By Professor Colin Garner, Chief Executive of Antibiotic Research UK, comments:

Today, patients undergoing routine treatments such as cancer treatment, organ transplantation and hip and knee replacements, are given antibiotics to prevent infection during these treatments. However, the frequency of antibiotic resistant infections is increasing, meaning that there are more and more deaths from antibiotic resistant bacteria. Sepsis is a common cause of death in the UK with over 37,000 deaths each year, more than lung cancer (35,000) and bowel cancer (16,000), and many of these sepsis deaths are due to untreatable antibiotic resistant infections. If there were no new antibiotics, then any infections become untreatable. The failure to develop new antibiotics is of great concern. Antibiotic resistance is life-threatening, with the young and old being most at risk of resistant infections.

The threat of the superbug is real and if we don’t act now, in as little as ten years, routine medical procedures will become life-threatening once more. Antibiotic prescribing levels, as well as the resistance to them, is a major concern and has recently been highlighted by the government. The Prime Minister addressed the topic back in September, having previously set up the UK Government Review on Antimicrobial Resistance, which is being headed up by the well-known economist Lord Jim O’Neill, to look into the causes of antibiotic resistance and why new antibiotics are not being developed quickly enough. Moreover, Public Health England’s second annual ESPAUR (English Surveillance Programme for Antimicrobial Utilisation and Resistance) report on antimicrobial resistance was also released at the start of November showing a rise in antibiotic resistant infections.

With this in mind, we need to understand the levels of antibiotic prescribing, the reasons behind prescriptions and ensure that unnecessary dispensing of antibiotics does not happen. Working alongside analytic database company EXASOL, we ran an analysis on over 602 million rows of prescription data for England. The results of this analysis uncovered positive and negative trends. We found that there has been an overall decrease in the prescription of antibiotics since 2011, which is great news. However, the results also found that despite this general downward trend, antibiotic prescriptions are still on the increase in the most deprived areas of England.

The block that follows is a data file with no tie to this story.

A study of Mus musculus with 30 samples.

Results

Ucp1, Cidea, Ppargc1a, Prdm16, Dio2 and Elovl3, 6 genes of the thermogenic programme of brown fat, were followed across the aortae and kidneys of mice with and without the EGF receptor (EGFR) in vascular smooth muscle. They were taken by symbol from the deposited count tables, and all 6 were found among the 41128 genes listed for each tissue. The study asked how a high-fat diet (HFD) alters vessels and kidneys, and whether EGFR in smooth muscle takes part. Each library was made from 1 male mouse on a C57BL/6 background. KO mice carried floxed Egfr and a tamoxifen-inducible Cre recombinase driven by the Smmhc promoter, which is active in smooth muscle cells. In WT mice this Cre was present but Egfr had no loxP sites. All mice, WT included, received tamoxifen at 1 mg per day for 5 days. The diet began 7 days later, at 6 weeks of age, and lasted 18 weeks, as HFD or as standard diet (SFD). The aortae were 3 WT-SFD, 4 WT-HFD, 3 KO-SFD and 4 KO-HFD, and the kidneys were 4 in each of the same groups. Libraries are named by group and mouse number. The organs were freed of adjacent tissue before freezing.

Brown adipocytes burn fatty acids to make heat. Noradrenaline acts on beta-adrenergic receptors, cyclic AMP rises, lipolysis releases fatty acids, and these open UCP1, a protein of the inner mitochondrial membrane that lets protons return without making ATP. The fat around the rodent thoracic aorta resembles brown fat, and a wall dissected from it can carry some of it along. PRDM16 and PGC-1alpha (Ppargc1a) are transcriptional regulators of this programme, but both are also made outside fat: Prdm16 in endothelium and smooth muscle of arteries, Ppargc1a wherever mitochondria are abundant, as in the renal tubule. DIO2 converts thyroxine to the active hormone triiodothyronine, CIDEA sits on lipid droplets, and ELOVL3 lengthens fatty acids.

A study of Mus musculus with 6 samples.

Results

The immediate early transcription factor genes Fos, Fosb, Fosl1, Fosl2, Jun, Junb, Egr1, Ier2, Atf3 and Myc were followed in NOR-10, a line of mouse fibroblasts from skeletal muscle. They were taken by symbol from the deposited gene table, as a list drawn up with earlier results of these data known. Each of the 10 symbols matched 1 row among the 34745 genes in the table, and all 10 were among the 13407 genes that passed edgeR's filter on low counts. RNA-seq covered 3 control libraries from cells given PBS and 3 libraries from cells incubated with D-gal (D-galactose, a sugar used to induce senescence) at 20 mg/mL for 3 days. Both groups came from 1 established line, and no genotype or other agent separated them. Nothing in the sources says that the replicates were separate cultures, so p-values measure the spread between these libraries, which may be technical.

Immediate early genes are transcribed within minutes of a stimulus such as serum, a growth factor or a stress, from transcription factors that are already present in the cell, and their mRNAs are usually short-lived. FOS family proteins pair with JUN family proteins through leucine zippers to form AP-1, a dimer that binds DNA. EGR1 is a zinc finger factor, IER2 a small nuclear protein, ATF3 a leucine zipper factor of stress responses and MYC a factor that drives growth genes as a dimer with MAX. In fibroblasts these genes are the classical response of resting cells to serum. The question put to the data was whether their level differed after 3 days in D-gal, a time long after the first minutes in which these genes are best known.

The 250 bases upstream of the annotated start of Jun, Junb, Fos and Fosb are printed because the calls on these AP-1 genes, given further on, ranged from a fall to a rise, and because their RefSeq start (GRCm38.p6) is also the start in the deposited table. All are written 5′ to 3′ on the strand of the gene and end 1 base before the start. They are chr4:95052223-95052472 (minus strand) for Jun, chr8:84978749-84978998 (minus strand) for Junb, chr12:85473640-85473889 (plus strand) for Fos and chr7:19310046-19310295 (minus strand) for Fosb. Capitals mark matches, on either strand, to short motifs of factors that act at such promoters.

The analysis also showed a massive spike in antibiotic prescriptions in December, compared to August. Now many would put this down to more people being unwell during December with colds and flus, but this should not have any bearing on the amount of antibiotics being prescribed. Antibiotics are only effective on bacterial infections, meaning that they are completely ineffective on viral infections, such as the common cold and influenza. And as bacterial infections are not seasonal, there is no rational reason for why antibiotic prescriptions should increase so much during the winter months.


So, why is this happening? It is all down to awareness of the general public. Many people are still unaware that antibiotics won’t help you feel better if you have a cold or the flu, and this was underlined by a recent report by the World Health Organisation which found that 76 per cent of respondents thought that antibiotic resistance was when they became resistant to antibiotics, rather than the infective bacteria. However, when we are unwell and go to visit the doctors, we don’t like leaving without some sort of prescription to help us get back to health as quickly as possible. So the doctors prescribe antibiotics, despite their ineffectiveness, to satisfy patients. In fact, a recent study by researchers at King’s College London showed that patients were less satisfied with their GPs if they were not prescribed antibiotics.

Furthermore, a separate report showed that 97% of patients who request some sort of antibiotic prescription from their doctor will receive one. So not only is it about the general public having a better awareness about antibiotics, but doctors as well. Despite pressure to satisfy patients, doctors should also be more firm in refusing antibiotic prescriptions unless they are absolutely necessary. One method that might work to some extent is a post-dated prescription, when the patient will be able to pick up a prescription if they are still unwell a few days after having seen the doctor.

By using antibiotics when it is unnecessary to do so, we are just increasing the microbial resistance of the bacteria, which in turn leads to superbugs that are resistant to antibiotics. This would then mean that simple bacterial infections could not be treated with the available antibiotics in the future, and we would not have any medicine to cure them. We rely on effective antibiotics for much of modern medicine, not only in surgical treatments but also in childbirth for example; caesarean sections would become impossible and it would be so much more difficult to treat premature babies in High Dependency Units.